Q From Bill Decker: What is the story behind the expression two-car funeral?
A In US English, it usually turns up the fuller form, couldn’t organise a two-car funeral. It’s a measure of utter incompetence.
Here’s an example from the Fresno Bee of February 2004: “When is the school board going to face the reality that the administration is incapable of organizing a two-car funeral?” Sometimes the verb is manage, as here in an issue of the Cincinnati Post in January 2005: “If Bill Frist’s performance as Senate majority leader the last few weeks is any indication, he would have trouble managing a two-car funeral let alone the vast U.S. government.”
Like most such slangy expressions, trying to tie down its origins is next to impossible. It became well enough known that it began to appear in newspapers around 1971; the earliest example I’ve come across appeared in a syndicated article in several US newspapers in February 1971: “The Saigon government at that point could not organize a two-car funeral.”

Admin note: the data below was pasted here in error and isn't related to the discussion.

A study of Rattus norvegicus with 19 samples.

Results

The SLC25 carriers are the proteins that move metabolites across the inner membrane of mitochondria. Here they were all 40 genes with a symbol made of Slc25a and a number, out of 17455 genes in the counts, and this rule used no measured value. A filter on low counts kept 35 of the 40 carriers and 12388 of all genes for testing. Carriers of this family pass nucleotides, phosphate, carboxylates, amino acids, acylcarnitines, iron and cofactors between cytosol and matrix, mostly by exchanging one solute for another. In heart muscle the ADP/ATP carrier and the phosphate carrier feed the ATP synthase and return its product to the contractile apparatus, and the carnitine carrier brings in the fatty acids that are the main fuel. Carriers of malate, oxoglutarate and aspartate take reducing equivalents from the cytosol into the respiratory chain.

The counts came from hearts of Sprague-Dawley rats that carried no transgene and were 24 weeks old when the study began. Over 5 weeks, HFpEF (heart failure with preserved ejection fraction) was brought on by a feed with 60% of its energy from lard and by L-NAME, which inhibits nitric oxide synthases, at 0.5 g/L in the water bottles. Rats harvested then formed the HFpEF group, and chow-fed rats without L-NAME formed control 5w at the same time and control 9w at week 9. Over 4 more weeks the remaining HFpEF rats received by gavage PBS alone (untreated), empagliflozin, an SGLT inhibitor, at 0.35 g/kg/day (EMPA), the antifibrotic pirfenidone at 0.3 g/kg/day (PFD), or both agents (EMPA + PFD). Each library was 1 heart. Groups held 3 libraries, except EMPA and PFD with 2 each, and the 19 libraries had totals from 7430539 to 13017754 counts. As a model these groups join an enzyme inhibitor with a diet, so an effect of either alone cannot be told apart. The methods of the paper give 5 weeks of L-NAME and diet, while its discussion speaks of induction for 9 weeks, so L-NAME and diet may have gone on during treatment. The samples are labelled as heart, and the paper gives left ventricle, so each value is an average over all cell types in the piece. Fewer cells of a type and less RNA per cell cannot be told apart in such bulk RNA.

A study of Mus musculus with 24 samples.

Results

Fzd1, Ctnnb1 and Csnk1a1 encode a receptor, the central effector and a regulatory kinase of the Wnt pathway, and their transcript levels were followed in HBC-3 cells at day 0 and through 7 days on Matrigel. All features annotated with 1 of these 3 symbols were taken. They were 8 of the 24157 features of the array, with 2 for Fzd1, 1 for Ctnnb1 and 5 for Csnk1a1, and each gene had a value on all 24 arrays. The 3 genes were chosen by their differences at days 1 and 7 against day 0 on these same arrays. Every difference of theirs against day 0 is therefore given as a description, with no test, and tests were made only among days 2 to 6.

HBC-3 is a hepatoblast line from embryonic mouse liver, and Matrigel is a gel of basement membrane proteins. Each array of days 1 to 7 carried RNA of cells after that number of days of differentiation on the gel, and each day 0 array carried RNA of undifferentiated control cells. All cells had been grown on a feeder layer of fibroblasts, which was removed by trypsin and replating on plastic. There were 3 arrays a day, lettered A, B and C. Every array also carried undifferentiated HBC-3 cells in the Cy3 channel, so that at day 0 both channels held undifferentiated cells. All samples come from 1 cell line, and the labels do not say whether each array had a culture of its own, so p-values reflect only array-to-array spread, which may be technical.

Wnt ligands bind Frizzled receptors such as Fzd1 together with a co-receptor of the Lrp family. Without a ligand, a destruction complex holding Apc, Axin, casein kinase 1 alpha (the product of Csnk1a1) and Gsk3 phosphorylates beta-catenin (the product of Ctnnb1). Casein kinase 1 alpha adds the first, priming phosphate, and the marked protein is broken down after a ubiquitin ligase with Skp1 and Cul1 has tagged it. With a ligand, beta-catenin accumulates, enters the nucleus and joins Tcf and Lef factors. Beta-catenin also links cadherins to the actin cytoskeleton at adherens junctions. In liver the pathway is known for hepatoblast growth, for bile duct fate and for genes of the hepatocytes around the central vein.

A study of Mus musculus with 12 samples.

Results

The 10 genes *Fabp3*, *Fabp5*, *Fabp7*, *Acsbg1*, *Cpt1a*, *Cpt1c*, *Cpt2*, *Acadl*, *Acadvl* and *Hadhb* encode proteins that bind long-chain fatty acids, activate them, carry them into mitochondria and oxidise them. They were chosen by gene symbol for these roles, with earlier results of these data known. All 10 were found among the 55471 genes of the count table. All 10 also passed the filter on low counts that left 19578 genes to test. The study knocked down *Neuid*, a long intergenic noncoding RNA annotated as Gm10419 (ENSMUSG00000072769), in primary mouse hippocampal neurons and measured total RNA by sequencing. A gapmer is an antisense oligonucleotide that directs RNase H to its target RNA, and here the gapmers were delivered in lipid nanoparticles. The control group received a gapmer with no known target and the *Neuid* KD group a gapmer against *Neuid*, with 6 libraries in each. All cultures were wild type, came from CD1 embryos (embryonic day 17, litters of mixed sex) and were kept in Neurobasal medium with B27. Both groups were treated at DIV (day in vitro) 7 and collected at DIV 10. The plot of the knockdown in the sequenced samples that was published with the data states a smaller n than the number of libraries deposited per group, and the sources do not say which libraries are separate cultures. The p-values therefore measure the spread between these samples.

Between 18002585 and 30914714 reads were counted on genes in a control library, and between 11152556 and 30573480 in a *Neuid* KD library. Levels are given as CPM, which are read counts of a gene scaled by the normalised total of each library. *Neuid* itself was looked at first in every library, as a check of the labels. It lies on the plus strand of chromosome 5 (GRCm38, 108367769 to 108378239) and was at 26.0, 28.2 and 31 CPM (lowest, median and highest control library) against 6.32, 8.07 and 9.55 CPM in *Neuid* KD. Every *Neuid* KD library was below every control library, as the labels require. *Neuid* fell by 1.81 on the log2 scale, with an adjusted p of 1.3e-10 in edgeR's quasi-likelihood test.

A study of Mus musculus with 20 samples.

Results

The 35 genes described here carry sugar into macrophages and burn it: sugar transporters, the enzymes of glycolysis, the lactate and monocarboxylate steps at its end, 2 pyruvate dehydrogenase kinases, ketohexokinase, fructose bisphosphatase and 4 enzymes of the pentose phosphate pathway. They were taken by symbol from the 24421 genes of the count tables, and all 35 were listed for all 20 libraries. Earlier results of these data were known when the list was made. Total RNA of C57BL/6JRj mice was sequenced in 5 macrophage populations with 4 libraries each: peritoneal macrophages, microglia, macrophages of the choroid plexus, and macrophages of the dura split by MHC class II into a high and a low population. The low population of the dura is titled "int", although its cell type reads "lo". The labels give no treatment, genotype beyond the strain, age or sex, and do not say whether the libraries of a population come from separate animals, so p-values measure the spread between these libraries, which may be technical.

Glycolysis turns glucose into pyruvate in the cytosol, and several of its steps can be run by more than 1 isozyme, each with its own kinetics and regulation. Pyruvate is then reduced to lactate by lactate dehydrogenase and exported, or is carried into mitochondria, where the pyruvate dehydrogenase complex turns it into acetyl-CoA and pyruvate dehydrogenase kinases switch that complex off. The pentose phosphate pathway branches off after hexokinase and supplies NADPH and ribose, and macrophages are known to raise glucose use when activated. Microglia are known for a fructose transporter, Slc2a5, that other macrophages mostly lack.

The expression was in fact a less serious accusation of incompetence than couldn’t organise a one-car funeral. The earliest example of that version I’ve found is from 1968: “Alas, the world is full of bunglers. Some of them are so good they can even mess up a one-car funeral.” That’s older than the first recorded example of two-car funeral and so may be the original.
The standard British equivalent, by the way, is the more forceful couldn’t organise a piss-up in a brewery.
Search World Wide Words
Recently added or updated
Volleyballene; Trove; Smithereens; Worry wart; Punch list; Verbigeration; Heliotrope; Ditty bag; E30; Old fogey; Ampersand; Phizzog; Horse creature; Get one’s goat; Mammock; Mx; Stepney; Vape; No names, no pack drill.
Support World Wide Words!
Donate via PayPal. Select your currency from the list and click Donate.
Buy from Amazon and get me a small commission at no cost to you. Select your preferred site and click Go!